By Ret Boney
During lunch out on May 2, Phil Anderson overheard two volunteer drivers for Meals on Wheels say they might have to cut back their routes due to rising gas prices.
Anderson, director of investor relations for San Antonio-based Tesoro, returned from lunch that day wondering how his company, an oil refiner and marketer, could help.
Within three days, Tesoro’s president and CEO had signed off on a $100,000 donation to the Meals on Wheels Association of America.
The nonprofit will use the contribution to defray the gas expenses of its volunteer drivers, most of whom are senior citizens on fixed incomes who deliver more than 1 million meals daily to the elderly through 4,500 programs throughout the U.S.
“We’re losing volunteers left and right,” says Enid Borden, CEO of the association. “Four in 10 of our programs have waiting lists. That was before the crisis, and I expect these numbers will go up.”
During the weekend of June 23-25, two cents for every gallon of gas sold through Tesoro’s 475 retail locations will go to the Meals on Wheels Association, says Natalie Silva, Tesoro’s manager of media and community relations.
The company also plans a marketing push to let the public know about the fuel drive, and funds raised in excess of the $100,000 pledged also will go to Meals on Wheels, Silva says.
Other nonprofits that depend on transportation to execute their missions are feeling the pinch, too.
America’s Second Harvest–The Nation’s Food Bank Network, which serves more than 25 million hungry people each year through a network of 214 food banks across the U.S., has started to feel the effects.
The network moves more than 2 billion pounds of food annually and spends more than $26 million on freight each year, says Maria Hough, director of logistics.
And with the average truckload of food traveling 570 miles from donation source to food bank, the group is being more discriminating about food it drives to collect, she says, weighing nutritional value against the distance it has to travel.
Peter Werbicki, vice president of operations for the Food Bank of Central and Eastern North Carolina in Raleigh, says fuel costs are higher than he planned for in this year’s budget.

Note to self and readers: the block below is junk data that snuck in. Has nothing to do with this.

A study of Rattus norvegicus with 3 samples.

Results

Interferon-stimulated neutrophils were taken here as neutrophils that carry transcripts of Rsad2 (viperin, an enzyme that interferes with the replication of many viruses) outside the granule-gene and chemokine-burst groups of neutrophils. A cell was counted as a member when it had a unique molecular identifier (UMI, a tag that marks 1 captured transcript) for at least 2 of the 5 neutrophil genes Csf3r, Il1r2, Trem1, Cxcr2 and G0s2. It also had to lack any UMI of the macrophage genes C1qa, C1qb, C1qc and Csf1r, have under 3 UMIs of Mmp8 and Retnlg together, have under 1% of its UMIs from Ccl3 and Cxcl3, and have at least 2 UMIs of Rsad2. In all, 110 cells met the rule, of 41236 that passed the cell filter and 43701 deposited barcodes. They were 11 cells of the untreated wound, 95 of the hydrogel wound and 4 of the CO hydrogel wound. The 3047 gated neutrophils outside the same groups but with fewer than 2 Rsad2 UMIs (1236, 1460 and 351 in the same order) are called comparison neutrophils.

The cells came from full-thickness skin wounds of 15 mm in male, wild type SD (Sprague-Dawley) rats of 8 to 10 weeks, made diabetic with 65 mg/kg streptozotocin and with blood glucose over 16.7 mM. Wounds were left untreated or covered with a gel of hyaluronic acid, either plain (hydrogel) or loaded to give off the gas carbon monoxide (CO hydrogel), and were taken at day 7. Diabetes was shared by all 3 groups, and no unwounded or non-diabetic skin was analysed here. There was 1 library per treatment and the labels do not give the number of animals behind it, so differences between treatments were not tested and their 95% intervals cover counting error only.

“At this point, we aren’t having to cut back any services,” he says. “We’re fortunate enough to maintain that level of service because we’re keeping up with it from a donation front.”
Werbicki is also is trying to be smarter about maximizing the use of the Food Bank’s 23 vehicles and is combing over price comparisons when using commercial trucking companies to make sure he gets the best deal, he says.
Goodwill Industries International, which collects and sells donated clothes and other items through 166 local agencies and more than 6,000 donation sites and stores, has weathered gas spikes before, says Christine Nyirjesy Bragale, director of media relations for the group.
To cope with the energy crisis of the 1970’s Goodwill began moving donation sites out into the community to be closer to donors, she says.
“That was partly a result of the gas crisis,” she says. “That’s an advantage we have, because people bring their donations to us.”
But gas prices still have an effect.
In an informal survey conducted by Goodwill last summer, before Hurricane Katrina hit, one in three respondents said high gas prices had decreased customer and donation traffic, and twice that number said prices had driven operating expenses higher.
“We expect to see the same trends now,” she says. “Shoppers and donors will change their habits to save gas.”
For the American Red Cross, which collects blood donations and delivers them to hospitals, fuel is a built-in, non-negotiable expense.
Since last July, blood donations at three sites operated by the Triangle Chapter of the Red Cross, based in Raleigh, are down about 1,400 donors, or more than 10 percent, says Barry Porter, executive director.
He says some of that may be due to higher gas prices, and that he expects the situation to worsen over the summer, traditionally the slowest time of year for blood donation.
The Red Cross Carolinas Blood Services Region, based in Charlotte, handles blood collection for 82 of North Carolina’s 100 counties, organizing about 10,000 blood-collection operations each year.
More than 9,000 of those are conducted using 140 special trucks that travel to blood-drive sites and then deliver blood to area hospitals, says Debbie Estes, director of public relations.
Fuel costs are about 10 percent higher this year than last, she says, and external couriers the chapter uses have added a fuel surcharge of about 7 percent to their prices.
Hospitals are billed for the blood the Red Cross provides, but Estes says the group tries its best not to pass higher fuel costs on to its customers.
“We’re trying to find other ways to cut internal costs” to avoid raising prices, she says. “So far, we have been able to do that. For how long, I don’t really know.”